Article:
How safe are West Texas homes during an earthquake?

Published: Feb. 23, 2023 at 8:42 PM CST
Email This Link
Share on Pinterest
Share on LinkedIn

ODESSA, Texas (KOSA) - Two months ago, a 5.4 magnitude earthquake shook West Texas.

In the immediate aftermath, numerous Texans talked about damage to their homes and possessions and their concerns that something worse was coming.

After the third-largest quake in Texas history struck in mid-December, questions began to pour in, including, ‘How safe is my home’ from West Texas’s newest threat?

“The residents in your area, they can sleep comfortably at night that this is not going to bother them,” said Dr. Mo Ehsani, a civil engineering expert at the University of Arizona.

Dr. Ehsani explained that it’s because of the wood framing that makes up the skeleton of most houses and apartments.

Despite Texas not having extensive earthquake building codes, wood-frame housing works very well to counteract the effects of an earthquake.

“Residential homes, you may get some stuff falling off the shelf or some breaking of window panels. But, in general, the building will not get much,” Dr. Ehsani says.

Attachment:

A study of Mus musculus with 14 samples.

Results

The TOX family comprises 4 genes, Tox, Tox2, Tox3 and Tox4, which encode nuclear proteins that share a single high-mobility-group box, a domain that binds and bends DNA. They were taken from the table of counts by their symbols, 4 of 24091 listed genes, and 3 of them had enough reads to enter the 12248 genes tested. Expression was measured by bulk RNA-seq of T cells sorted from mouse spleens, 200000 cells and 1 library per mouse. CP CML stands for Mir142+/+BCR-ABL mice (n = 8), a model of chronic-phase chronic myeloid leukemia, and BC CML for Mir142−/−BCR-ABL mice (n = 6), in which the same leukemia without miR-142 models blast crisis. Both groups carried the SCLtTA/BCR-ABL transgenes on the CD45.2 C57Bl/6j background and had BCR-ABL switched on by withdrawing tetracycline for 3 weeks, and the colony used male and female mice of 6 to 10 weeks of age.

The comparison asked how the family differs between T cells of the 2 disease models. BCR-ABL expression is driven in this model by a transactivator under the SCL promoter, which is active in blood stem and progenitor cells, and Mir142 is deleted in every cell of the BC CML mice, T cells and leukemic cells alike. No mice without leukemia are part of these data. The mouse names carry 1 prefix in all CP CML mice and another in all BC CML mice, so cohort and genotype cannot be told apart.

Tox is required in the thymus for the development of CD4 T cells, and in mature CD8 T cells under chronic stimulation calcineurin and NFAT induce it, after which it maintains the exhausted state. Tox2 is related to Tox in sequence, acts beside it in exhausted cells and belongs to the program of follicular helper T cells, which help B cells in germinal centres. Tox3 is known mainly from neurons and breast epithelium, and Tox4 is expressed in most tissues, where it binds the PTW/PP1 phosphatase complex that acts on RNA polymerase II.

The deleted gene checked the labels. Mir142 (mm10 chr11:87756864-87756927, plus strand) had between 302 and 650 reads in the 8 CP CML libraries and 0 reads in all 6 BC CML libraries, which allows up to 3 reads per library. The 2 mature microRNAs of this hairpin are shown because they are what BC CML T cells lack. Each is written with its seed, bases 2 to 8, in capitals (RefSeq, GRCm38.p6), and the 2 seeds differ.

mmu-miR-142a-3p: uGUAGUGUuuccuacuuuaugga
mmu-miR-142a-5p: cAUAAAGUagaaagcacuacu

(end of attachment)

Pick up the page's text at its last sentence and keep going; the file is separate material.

Hopefully, it won’t be a concern. The Railroad Commission has increased the size of the Gardendale SRA, pushing the disposal of produced oilfield water even further away from Midland.

The greater worry for earthquakes: tall buildings, as seen in the concrete structures involved in the destructive Turkey-Syrian earthquakes over the past several weeks.

Dr. Ehsani says in those cases, it’s about keeping buildings upright.

“The philosophy is that if the building could remain standing, you could avoid loss of life,” he said.

Dr. Ehsani added that Texas falls into the nation’s lowest seismicity region, meaning that building codes are not modified to account for earthquakes. He believes contractors are unlikely to take on the added expense to earthquake-proof larger buildings from man-made quakes.